So Miriam was confined outside the camp for seven days, and the people did not move on till she was brought back. — Numbers 12:15
In Judaism, the word for charity is tzedakah, which literally means, “righteous giving.” This concept goes far beyond the traditional understanding of charity. It is not just an act of kindness and benevolence — it is an act of justice and righteousness. This is one of 12 devotions focusing on tzedakah and how we can incorporate its lessons into our lives. To learn more, download our complimentary Bible study on tzedakah here.
I once heard a story about a young expectant mother working in Israel who was afraid that she might lose her job once she delivered her baby (this was before Israel had enacted laws regarding maternity leave). This woman was the sole supporter of her family as her husband had recently lost his job. During an informal lunch gathering at work, the woman mentioned her predicament to her co-workers in earshot of the company’s owner, Mr. Fleisher. However, Mr. Fleisher showed no signs that he had heard anything.
Shortly afterward, the conversation shifted, and the employees began talking about where their families had come from and how they had arrived in Israel. Suddenly Mr. Fleisher showed interest as the young woman talked about her roots in Brooklyn. He wanted to know details about where she lived and her grandfather’s name — even what synagogue he had attended. The woman was taken aback but supplied all the information. Abruptly, Mr. Fleisher left the room and returned a few minutes later with red eyes.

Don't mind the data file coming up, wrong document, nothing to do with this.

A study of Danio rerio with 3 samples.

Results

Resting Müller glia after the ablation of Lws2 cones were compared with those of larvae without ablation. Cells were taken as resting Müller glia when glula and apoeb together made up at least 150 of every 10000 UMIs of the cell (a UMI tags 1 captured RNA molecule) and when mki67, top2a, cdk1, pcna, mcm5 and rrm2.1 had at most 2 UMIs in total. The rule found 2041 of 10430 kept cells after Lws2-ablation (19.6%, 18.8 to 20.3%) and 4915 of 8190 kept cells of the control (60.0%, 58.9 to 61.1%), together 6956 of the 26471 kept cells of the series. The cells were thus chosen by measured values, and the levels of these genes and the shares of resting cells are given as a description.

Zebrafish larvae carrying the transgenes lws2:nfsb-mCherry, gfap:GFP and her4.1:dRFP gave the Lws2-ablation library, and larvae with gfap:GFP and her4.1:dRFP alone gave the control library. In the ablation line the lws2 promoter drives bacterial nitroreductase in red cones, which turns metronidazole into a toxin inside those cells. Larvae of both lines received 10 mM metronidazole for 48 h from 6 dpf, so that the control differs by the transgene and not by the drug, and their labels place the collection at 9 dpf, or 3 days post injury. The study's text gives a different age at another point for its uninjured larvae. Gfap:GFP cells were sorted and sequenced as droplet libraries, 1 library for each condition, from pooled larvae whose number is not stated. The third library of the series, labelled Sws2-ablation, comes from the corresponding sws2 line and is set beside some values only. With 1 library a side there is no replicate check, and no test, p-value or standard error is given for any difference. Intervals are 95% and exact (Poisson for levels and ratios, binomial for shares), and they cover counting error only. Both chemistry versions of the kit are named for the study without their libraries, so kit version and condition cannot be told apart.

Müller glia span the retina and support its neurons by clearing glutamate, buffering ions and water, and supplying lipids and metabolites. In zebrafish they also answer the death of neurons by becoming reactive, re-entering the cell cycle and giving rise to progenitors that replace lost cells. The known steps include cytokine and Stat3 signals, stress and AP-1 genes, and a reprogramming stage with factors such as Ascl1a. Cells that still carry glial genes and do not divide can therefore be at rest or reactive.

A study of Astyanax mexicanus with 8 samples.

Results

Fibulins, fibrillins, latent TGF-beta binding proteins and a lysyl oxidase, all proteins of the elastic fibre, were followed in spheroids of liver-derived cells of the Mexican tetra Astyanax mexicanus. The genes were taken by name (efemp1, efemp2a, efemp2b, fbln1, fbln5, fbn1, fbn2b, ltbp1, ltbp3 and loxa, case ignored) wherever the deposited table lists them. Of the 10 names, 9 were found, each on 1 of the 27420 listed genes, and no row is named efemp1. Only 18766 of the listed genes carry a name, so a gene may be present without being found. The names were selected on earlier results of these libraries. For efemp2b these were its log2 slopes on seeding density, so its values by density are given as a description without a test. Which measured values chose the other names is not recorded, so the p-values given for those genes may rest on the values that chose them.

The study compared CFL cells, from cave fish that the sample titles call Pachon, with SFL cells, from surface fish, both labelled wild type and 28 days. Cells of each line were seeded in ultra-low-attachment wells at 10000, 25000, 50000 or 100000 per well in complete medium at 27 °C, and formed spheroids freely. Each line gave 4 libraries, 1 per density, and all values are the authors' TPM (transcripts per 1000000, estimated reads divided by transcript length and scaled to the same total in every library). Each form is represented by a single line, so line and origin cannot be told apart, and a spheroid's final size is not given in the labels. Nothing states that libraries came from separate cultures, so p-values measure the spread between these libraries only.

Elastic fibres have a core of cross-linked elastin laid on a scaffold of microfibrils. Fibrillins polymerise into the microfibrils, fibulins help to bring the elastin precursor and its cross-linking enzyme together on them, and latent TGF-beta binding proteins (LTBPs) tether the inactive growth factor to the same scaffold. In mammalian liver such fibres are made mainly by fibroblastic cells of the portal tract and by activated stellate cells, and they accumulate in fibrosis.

Tearfully he explained to the young woman how his father, who had been an electrician, died leaving the family penniless. There was another, more successful Jewish electrician in the community, who had been friends with his father. Upon the loss of his colleague, this man filled the family’s bare cupboards for weeks. Then he spent a month going through the deceased man’s old supplies and selling them, giving every penny earned to the widow and her family. Mr. Fleisher explained that the man who had done all this kindness for his family was this woman’s grandfather. He concluded, “You will always have a job here, and I’ll give your husband one, too.”
King Solomon wrote, “Ship your grain across the sea; after many days you may receive a return” (Ecclesiastes 11:1). In other words, the kindness that a person does today returns to him or her; it’s only a matter of time.
In Exodus chapter 12, we learn that Miriam had spoken inappropriately about her brother Moses, and as punishment, was struck with leprosy and quarantined for seven days. The children of Israel had been about to travel, but the Cloud of Glory did not rise, signaling the time to travel, in honor of Miriam. Over 80 years earlier, Miriam had waited at the Nile to see that her brother Moses would be found and taken care of. Now, because of that kindness, 600,000 people waited respectfully for Miriam so that she would be cared for.
I want to encourage us all to go the extra mile when it comes to being kind. Kindness is like a boomerang; eventually, it will make its way back to you when you are in need.